Signal timing to help Hwy. 54W traffic, but DOT wants ‘real fix’


Clogged afternoon traffic on Ga. Highway 54 West might get a little better in the spring as state officials plan to upgrade the signal timing with a new system that will “adapt” as traffic conditions change.

The new “responsive signal timing system” will collect live data from traffic sensors in the road, and switch between various light timing cycles when traffic volumes on the highway reach certain levels, DOT officials told city representatives in a meeting last week. Each signal timing plan will be pre-programmed into a master control system that can be hosted remotely, with a fallback timing plan in case any sensor wires are cut during construction.

It could be as late as March before drivers will be able to see a difference, if they can distinguish any improvement at all, officials cautioned.

While state transportation officials have cautioned that the timing improvements will only go so far, they say the new system will provide data that can be helpful in conducting a traffic study of the highway aimed at divining necessary road improvements in the future.

And that is where the political hot potato lays. Mayor Don Haddix has vigorously opposed the traffic study, saying there’s not much more that can be done beyond adding a “cloverleaf” intersection at Hwy. 54 and Ga. Highway 74. Likewise, former council member and mayoral candidate George Dienhart has said he opposes spending city money on the project, which is what it will take to get the traffic study rolling. Mayoral candidate and current council member Vanessa Fleisch has said she supports funding such a study.

The new signal timing project, however, will be free of charge to the city, funded with money from the Atlanta Regional Commission which has expanded the program to help improve traffic flow in the 10-county metro Atlanta region.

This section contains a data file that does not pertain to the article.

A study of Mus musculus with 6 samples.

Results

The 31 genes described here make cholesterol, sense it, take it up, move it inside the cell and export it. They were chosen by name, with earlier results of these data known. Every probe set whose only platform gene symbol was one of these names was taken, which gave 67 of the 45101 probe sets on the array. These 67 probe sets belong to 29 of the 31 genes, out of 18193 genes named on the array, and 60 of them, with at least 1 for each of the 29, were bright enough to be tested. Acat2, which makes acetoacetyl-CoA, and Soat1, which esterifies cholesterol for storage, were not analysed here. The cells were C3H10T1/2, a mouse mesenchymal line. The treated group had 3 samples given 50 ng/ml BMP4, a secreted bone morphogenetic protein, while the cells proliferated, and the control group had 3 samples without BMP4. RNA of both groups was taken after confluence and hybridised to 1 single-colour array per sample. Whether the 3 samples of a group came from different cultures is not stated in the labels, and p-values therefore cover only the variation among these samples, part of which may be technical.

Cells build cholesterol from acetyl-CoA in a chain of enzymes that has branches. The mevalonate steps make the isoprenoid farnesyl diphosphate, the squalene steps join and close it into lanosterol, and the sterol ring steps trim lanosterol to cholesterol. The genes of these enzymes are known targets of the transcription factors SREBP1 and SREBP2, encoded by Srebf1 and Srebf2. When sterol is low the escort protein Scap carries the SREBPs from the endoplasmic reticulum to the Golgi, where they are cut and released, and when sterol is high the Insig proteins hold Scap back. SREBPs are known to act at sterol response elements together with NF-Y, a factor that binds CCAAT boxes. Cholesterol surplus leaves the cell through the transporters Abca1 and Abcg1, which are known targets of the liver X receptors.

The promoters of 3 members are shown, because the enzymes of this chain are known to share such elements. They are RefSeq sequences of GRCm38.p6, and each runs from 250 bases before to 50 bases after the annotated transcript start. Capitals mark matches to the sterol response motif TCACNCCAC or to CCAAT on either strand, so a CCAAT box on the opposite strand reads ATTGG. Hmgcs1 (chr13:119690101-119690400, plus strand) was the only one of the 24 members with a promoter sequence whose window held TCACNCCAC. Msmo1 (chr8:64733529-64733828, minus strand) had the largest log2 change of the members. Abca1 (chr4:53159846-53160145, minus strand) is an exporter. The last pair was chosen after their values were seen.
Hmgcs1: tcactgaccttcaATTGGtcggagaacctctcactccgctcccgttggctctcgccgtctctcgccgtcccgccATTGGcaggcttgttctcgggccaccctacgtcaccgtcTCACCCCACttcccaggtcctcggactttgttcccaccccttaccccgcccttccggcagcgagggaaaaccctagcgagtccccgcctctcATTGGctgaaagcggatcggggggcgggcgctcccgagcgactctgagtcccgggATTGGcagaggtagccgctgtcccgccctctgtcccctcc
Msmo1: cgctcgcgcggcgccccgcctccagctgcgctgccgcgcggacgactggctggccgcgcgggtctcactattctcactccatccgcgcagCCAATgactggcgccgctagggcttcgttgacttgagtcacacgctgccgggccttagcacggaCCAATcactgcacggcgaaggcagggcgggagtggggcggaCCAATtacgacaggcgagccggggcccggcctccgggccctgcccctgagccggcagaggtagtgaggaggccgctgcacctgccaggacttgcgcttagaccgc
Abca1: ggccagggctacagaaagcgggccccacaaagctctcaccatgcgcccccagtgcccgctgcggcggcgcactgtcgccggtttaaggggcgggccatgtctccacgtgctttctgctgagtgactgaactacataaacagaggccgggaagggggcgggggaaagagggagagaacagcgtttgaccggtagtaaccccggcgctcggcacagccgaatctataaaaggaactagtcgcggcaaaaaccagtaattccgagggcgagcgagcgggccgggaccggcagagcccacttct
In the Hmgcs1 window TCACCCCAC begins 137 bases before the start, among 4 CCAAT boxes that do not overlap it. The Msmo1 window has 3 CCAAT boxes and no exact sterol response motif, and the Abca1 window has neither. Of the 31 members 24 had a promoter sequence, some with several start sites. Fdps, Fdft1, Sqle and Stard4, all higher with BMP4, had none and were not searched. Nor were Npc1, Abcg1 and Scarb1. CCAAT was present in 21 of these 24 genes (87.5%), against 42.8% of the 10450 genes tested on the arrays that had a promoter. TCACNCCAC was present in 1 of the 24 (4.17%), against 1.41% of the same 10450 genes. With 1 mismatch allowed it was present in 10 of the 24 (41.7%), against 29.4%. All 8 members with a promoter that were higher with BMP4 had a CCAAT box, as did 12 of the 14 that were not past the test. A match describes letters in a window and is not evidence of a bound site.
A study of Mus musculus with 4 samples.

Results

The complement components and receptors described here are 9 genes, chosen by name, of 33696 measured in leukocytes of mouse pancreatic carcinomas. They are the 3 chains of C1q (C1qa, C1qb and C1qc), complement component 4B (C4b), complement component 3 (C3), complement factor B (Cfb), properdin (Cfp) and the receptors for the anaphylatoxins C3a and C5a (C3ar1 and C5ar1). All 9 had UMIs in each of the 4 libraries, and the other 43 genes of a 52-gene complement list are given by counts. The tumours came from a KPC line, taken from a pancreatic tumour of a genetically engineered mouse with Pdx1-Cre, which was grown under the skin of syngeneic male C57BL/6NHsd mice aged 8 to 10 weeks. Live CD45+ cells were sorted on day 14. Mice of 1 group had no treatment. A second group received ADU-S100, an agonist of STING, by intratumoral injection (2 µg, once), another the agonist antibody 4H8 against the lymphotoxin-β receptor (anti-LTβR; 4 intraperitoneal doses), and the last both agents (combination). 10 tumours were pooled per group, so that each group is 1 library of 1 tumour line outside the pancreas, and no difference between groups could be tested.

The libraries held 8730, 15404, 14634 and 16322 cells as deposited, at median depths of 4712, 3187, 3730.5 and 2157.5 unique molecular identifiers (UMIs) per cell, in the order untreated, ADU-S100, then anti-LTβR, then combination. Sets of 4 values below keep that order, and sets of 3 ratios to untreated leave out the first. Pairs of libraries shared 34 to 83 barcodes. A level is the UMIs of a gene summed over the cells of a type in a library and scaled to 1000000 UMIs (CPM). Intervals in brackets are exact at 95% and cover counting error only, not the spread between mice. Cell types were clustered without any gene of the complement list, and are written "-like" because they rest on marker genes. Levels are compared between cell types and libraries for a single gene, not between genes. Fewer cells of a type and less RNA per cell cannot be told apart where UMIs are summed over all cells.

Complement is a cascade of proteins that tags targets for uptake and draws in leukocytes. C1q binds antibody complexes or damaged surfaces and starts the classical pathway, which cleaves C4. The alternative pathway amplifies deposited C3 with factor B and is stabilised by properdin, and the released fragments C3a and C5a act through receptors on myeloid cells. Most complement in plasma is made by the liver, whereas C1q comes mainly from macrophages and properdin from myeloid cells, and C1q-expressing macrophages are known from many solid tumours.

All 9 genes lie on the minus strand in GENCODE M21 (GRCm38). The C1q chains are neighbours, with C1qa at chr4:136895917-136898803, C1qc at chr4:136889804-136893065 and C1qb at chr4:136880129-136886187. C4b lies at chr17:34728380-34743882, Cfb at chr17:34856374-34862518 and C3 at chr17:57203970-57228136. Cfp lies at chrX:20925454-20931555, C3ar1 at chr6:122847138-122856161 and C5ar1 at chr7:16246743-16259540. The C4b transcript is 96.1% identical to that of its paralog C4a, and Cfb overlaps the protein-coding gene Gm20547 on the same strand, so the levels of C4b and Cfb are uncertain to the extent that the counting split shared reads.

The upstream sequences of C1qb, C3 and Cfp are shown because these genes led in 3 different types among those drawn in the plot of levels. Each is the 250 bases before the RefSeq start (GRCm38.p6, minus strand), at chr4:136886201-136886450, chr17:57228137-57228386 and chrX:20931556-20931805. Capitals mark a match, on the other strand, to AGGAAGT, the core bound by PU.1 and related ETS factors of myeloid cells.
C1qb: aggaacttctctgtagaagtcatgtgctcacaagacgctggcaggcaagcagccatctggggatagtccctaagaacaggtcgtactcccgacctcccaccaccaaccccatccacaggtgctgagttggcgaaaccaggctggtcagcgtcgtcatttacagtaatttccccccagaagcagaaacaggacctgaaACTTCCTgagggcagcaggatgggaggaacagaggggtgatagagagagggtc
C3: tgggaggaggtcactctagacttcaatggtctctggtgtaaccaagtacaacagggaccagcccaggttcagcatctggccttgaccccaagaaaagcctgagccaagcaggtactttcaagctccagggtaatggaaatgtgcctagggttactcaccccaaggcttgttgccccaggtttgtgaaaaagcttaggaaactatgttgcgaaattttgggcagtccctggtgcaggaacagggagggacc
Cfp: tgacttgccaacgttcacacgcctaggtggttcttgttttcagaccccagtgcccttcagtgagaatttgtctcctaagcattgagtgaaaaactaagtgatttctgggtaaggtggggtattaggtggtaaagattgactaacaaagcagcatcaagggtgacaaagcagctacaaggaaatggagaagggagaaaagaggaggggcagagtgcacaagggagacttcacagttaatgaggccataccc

DOT officials have said a traffic study is necessary to get any construction improvements funded in the regional traffic improvement program, as right now the county’s main project for such funds is the widening of McDonough Road from Hwy. 54 east of Fayetteville down into Clayton County.

The city reached out to the Georgia Department of Transportation several months ago and without Haddix’s blessing, Mayor Pro Tem Vanessa Fleisch signed a letter to GDOT seeking help with the traffic issue.

Afternoon drive time on Hwy. 54 is a particular sore spot on weekdays as westbound lanes can back up bumper-to-bumper all the way to City Hall at Willowbend Road.

The traffic light at The Avenue is a choke point for traffic in large part because cars leaving the shopping center can’t cue for a significant length before blocking in vehicles in other parking spaces, DOT District Traffic Engineer Michael Presley said last week in the meeting with city officials.

The new timing schemes will “maximize throughput” but the reality is that the road will need physical improvements in the future to improve traffic wait times, officials said.

Presley said a traffic study of the corridor, including Hwy. 74 as well, will be helpful in evaluating future operational improvements.

City Manager Jim Pennington said the idea of how much a traffic study might cost wouldn’t be ready perhaps until the first of the year, which dovetails well with the new political reality from the November election which will bring at least some new members to the city council.

The current council on a 3-1 vote authorized setting aside $500,000 in a proposed sales tax that will also be on the November ballot, with those funds being used for future road improvements and a possible corridor study. Haddix cast the lone vote in opposition, arguing the city needed the money to stay focused on road and cart path repair, which is what be funded with the lion’s share of the city’s $14 million sales tax proceeds. That, of course, depends on whether the countywide tax ultimately passes.

If the tax doesn’t pass, the city council will need to find a new source of revenue to fund some $1.5 million in road and cart path repairs that are necessary each year on average, according to city staff.